Oregon law allows residents 65 years old and older to audit college courses tuition-free.

That means they can attend class as a visitor to learn, but not for college credit.

The Monmouth Senior Center has a step-by-step guide to audit classes at Western Oregon University.

Stephanie Depascal, 79, started auditing classes at Western Oregon University in 2016.

“To me, that just opened up the whole world,” Depascal said.

She’s audited a variety of courses from the gerontology department to early childhood development, and is interested in behavioral neuroscience.

It’s also an opportunity to engage with younger students, she said, and to listen to others’ observations.

“I’ve made such good friends who are in their 20s,” Depascal said. “We text all the time.”

Depascal started auditing classes before the recently finished guide was completed.

It didn’t hold her back, but she appreciates the efforts to make the process clearer.

Hannah Wehr, a WOU student who completed her practicum at Monmouth Senior Center, developed the manual.

“On day one she came in with a game plan for each week of her practicum,” said Barbara Hogan, senior center director. “She was impeccably organized.”

Hogan had spoken with Wehr’s instructor, Melissa Cannon, assistant professor, about the project beforehand.

The guide includes a brief summary about Cannon and states that, through her research, she “worked to identify a campus and senior center’s ability to create a partnership.”

“Overall, I was able to take the information I learned about aging and older adulthood at (WOU) and use it as a way to express the need for change on the campus,” Wehr said. “I am a proud alumna of the college; however, there are many changes that need to occur on campus in order to make it more age-friendly.”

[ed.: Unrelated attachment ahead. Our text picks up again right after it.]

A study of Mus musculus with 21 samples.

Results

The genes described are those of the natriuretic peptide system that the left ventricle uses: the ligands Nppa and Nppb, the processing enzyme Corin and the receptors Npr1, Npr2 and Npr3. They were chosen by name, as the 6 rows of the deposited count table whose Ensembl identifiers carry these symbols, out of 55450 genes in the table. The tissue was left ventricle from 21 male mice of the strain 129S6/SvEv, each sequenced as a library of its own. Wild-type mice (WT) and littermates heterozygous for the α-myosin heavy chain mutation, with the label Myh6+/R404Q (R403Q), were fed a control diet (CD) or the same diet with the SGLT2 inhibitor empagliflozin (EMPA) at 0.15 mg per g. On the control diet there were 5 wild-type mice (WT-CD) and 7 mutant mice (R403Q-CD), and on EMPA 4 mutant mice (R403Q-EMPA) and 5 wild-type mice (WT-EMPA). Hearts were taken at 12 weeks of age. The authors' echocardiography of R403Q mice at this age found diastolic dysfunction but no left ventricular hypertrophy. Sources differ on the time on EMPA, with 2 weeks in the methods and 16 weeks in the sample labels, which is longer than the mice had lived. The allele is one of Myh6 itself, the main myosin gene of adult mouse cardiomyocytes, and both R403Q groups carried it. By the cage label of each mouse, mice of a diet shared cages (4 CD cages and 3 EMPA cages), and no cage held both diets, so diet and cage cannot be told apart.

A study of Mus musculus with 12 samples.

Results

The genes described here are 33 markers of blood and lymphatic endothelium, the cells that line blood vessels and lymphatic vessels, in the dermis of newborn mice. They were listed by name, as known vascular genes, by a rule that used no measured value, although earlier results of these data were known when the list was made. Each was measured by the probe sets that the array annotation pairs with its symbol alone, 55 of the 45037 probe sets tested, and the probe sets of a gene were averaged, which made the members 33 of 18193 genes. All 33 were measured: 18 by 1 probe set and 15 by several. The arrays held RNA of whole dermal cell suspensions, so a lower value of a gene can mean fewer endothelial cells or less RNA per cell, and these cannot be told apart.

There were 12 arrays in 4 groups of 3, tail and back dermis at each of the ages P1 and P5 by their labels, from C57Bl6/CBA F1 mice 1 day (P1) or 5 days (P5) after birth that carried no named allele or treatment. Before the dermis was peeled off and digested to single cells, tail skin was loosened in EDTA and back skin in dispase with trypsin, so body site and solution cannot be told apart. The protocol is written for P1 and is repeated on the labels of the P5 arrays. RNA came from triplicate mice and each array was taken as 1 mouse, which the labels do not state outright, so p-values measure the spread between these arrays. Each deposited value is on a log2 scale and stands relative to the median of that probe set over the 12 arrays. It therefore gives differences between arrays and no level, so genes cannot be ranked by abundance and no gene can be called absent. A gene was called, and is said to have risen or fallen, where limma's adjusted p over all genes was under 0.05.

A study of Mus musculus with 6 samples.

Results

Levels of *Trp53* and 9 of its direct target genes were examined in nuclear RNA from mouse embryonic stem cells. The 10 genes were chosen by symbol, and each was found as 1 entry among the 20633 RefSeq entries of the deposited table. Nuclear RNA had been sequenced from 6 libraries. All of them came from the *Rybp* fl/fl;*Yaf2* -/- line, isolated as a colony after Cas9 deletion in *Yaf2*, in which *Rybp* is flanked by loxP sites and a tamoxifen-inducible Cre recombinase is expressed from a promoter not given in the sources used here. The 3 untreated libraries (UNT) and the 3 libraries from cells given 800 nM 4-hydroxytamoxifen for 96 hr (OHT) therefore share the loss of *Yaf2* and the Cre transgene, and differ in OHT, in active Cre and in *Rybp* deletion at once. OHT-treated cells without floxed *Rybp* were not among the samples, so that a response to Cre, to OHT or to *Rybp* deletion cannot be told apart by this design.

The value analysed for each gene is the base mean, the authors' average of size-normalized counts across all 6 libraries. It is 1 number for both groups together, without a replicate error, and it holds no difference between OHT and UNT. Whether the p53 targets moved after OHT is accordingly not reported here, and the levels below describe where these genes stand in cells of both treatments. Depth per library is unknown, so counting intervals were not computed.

Wehr said WOU is undergoing an “age-friendly” initiative.

“I was able to advocate for changes that need to occur in order for all populations and demographics to feel as though they have a place on campus,” she said.

Hogan said she’s learned a lot in the process.

Before the how-to guide, she wasn’t sure of all the steps — and neither were some of the people on the WOU campus.

“Not everyone on campus, be it the admissions office or the professors, I don’t know that everyone is on the same page or knew what the beginning steps are,” Hogan said.

Wehr went beyond developing the guide. She held an information session and took a group of interested people on a tour of campus.

“The original plan was to do a walking tour, but it was raining that day so we loaded up the bus,” Hogan said. “That was nice too, because we were able to show people (the parking areas).”

That personal tour is one way Wehr hoped to help break down any barriers for people who wanted to take advantage of the program.

“On the tour, I walked them through the auditing guide I created, toured them through the buildings they would need to visit, and introduced them to staff that would be assisting them through the process,” Wehr said. “My practicum was extremely rewarding and the perfect way to end my time at (WOU). It taught me how to be an advocate for older adults in my community.”

The how-to guide is available at the Monmouth Senior Center.